Black henbane has been found at archaeological sites in the Netherlands that date back to the Neolithic Period. But because it is a wild plant that readily grows in the disturbed soil near settlements, experts have been unable to ascertain whether it was used by people or was just part of the environment.

In 2008, for example, archaeologists found a Roman-Era ceramic beaker in Voorburg that had been filled with dirt over time. In the dirt, they found one black henbane seed along with 26 hazelnuts and a single grain each of corn, barley, wheat and various other seeds. “The overall composition of the seeds seemed to point at the intentional use of black henbane as some kind of medicine or hallucinogen,” said Jasper de Bruin, the curator of the “Netherlands in Roman Times” collection at the National Museum of Antiquities in Leiden, who was not involved in the new research.

However, according to Laura Kooistra, a retired archaeobotanist and a co-author on the latest findings, a single seed embedded in soil does not provide the degree of certainty needed to draw conclusions about whether black henbane was used by people. “One swallow does not make a summer,” she said.

The bone container, on the other hand, does provide that level of smoking-gun evidence. “It shows, for the first time in Western Europe, the deliberate collection of seeds of the poisonous black henbane during the Roman Period,” said Otto Brinkkemper, an archaeobotanist at the Cultural Heritage Agency of the Netherlands, who was not involved in the research.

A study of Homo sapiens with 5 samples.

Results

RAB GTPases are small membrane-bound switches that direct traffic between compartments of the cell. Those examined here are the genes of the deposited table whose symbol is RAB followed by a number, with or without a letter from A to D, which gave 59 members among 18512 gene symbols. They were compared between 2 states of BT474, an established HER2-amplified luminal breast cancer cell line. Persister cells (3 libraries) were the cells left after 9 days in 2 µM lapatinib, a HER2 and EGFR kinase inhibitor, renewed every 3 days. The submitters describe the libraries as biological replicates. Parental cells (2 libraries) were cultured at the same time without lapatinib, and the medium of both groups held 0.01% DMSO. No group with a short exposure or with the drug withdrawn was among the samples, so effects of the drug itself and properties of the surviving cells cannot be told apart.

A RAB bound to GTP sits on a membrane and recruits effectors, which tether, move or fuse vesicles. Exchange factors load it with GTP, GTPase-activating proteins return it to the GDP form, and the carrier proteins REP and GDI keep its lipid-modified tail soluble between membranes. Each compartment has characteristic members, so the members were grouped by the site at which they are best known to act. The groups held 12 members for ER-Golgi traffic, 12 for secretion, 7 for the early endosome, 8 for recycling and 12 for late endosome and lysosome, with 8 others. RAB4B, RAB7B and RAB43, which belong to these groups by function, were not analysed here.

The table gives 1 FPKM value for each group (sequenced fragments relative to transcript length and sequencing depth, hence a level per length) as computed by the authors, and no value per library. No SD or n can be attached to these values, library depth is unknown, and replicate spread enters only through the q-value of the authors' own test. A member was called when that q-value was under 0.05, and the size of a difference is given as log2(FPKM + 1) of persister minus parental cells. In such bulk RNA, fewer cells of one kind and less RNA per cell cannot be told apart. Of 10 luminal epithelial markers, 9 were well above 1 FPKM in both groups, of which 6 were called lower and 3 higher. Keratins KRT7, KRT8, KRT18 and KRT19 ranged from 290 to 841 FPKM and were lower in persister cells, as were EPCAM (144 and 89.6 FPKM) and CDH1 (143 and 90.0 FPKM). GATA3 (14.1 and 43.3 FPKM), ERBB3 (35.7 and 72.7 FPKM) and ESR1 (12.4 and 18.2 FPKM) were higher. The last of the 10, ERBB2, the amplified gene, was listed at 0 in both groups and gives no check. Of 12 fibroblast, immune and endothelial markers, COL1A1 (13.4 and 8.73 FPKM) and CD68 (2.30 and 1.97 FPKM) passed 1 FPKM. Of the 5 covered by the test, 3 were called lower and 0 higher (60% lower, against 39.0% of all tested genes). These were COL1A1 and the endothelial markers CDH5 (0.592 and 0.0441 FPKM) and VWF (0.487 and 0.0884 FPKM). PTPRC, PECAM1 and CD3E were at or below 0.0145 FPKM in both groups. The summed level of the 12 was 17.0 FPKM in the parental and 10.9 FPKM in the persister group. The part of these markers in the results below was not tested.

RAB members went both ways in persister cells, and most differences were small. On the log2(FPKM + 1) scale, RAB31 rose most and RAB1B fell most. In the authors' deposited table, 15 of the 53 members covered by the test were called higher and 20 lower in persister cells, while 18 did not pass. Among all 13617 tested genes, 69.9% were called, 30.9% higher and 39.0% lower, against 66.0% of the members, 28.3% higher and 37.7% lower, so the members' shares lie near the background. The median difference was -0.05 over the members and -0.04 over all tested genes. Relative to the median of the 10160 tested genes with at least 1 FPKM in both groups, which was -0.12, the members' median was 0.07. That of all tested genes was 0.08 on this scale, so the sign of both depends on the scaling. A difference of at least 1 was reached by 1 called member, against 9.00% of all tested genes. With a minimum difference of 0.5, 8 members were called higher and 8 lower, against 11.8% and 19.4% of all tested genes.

Experts can only guess, though, what purpose the seeds might have served.

The authors of the new study refer to black henbane as a medicinal plant, said Astrid Van Oyen, an archaeologist at Radboud University in Nijmegen, who was not involved in the research. But it is also possible that black henbane was used by people “actively seeking psychoactive experiences” for spiritual, therapeutic or recreational purposes, she said.

“This find shows us a rare glimpse of a possible way in which people navigated and mediated the anxieties, stresses, hopes and aspirations of daily life,” Dr. Van Oyen said. “Whoever collected all these seeds in this makeshift container did this deliberately and skillfully — they knew what they were doing.”